As Stanford University reported a couple of days ago and Inside Higher Ed noted, the estate of James Joyce, headed up by James Joyce’s grandson, Stephen James Joyce, has lost a lawsuit with English professor Carol Loeb Shloss and must pay her legal fees and costs of nearly a quarter-million dollars.
This finding appears to end the almost two-decade battle with the estate by Shloss, and to represent relief for other Joyce scholars who’ve felt the estate to be unfair and unreasonable in the number of demands and limitations imposed on them. (An article in 2006 in The New Yorker describes this tension and offers a portrait of the artist’s grandson as gatekeeper: “Stephen is a handsome man of seventy-four, with a gray beard, sloping forehead, and deep-blue eyes—he looks the way Joyce might have looked if he had not smoked and drunk himself to death, at fifty-eight, in 1941.”)
Shloss, the author of Lucia Joyce: To Dance in the Wake (2003), had been forced to remove supporting research from her revisionist book on James Joyce’s daughter, which led to mixed reviews. (Here’s a tart review from 2003, also in The New Yorker, which says, in part, “The less Shloss knows, the more she tells us.”)
In the intervening years since the original publication of the expurgated biography, Shloss has already won in suit the right to “domestic online publication of the supportive scholarship” and the right to republish the book in the U.S. with the missing material restored. Now she’ll be reimbursed for her expenses too, which will clearly make her lawyers—Howard Rice Nemerovski Canady Falk & Rabkin, Keker & Van Nest, and Doerner, Saunders, Daniel & Anderson, as well as the Stanford Law School Center for Internet and Society's Fair Use Project—yes, rejoice.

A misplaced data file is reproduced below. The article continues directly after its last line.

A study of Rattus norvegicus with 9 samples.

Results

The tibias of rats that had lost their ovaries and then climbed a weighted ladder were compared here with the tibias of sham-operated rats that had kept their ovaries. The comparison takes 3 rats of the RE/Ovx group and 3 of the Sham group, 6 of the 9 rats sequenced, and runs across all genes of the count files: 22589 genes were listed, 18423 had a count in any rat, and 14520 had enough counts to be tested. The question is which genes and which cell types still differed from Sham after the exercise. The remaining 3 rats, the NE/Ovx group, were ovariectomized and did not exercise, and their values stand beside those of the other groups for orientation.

All this wrangling over old-fashioned books may one day be a moot point anyway. “Everybody is trying to think about how books and information will best be put together in the 21st century,” says Judith Curr, publisher of Atria Books, a Simon & Schuster imprint that will work with Vook, a multimedia company, to produce hybrid books in which "publishers mash together text, video and Web features in a scramble to keep readers interested in an archaic form of entertainment."
“You can’t just be linear anymore with your text,” Curr says.